Tree Huggin' Montana

Photo Credit: Jamie Kirby

Tree Huggin' Montana

Guest post from Jamie Kirby with Montana Department of Natural Resources and Conservation in coordination with the Western Urban and Community Forestry Network's #HealthyTreesHealthyLives social media campaign.

Amid a global pandemic, social engagements ground to a screeching halt. Arbor Day celebrations across the state and the nation were canceled, scaled back, or turned virtual. Tree planting events were largely postponed or minimized to maintain physical distancing. Planners scrambled to still honor Arbor Day and to find new ways to appreciate trees.

As schools closed and individual communities dealt with this unprecedented situation, the Montana DNRC Urban Forestry program communicated with tree planting grant recipients and volunteers on options for moving forward. The volunteer base in Montana, as with many others, is primarily composed of retired individuals. After reviewing the risks involved with any in-person events, and considering the age category of most participants, the decision was made to cancel the statewide event planned in Roundup, MT. The Montana Urban and Community Forestry program encouraged other options, including:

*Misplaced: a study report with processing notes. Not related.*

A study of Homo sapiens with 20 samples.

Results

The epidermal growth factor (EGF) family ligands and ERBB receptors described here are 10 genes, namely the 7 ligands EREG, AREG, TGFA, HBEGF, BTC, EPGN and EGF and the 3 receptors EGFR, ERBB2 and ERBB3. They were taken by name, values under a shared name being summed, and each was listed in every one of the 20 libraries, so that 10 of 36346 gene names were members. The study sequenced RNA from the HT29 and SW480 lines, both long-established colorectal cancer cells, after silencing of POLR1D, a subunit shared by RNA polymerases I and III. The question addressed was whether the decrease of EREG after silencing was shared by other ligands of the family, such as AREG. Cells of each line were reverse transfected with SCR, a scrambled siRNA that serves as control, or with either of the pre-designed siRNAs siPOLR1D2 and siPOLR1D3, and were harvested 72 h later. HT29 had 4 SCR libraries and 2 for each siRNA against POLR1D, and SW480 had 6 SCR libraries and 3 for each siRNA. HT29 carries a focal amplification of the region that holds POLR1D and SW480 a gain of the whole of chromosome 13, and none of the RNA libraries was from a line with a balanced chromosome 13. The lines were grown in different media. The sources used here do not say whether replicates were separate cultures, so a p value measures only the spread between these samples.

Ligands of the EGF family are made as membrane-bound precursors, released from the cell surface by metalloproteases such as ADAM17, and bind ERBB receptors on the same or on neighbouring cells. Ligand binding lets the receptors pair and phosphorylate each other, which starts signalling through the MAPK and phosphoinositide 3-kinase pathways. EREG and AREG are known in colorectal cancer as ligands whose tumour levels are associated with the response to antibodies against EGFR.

• Virtual Arbor Days
  • Recording of mayor reading proclamation
  • Social media messages
  • Rescheduled celebrations and fall tree plantings
  • Creative ways to celebrate trees

Inspired by efforts such as the Iceland forestry service urging people to hug trees, and the #hugatreeinstead campaigns,[1] Montana took a similar approach. The message from the Governor was to stay safe while still enjoying the outdoors. On Arbor Day, the DNRC posted on social media asking the public to celebrate #arbordayathome and #hugatree.

Communities shared videos, pictures, and links to posts with their special 2020 Arbor Day observance. The DNRC recognized the City of Roundup with a large visible banner displayed on their courthouse lawn and applauded the Mayor’s tree hugging picture by sharing the images through social media.

In Montana, where trees greatly outnumber people, the ability to get outdoors and reconnect with nature is a true perk of getting through these times. A tree returns the hug with natural stress reduction, and increasing evidence shows that trees are good for our mental health.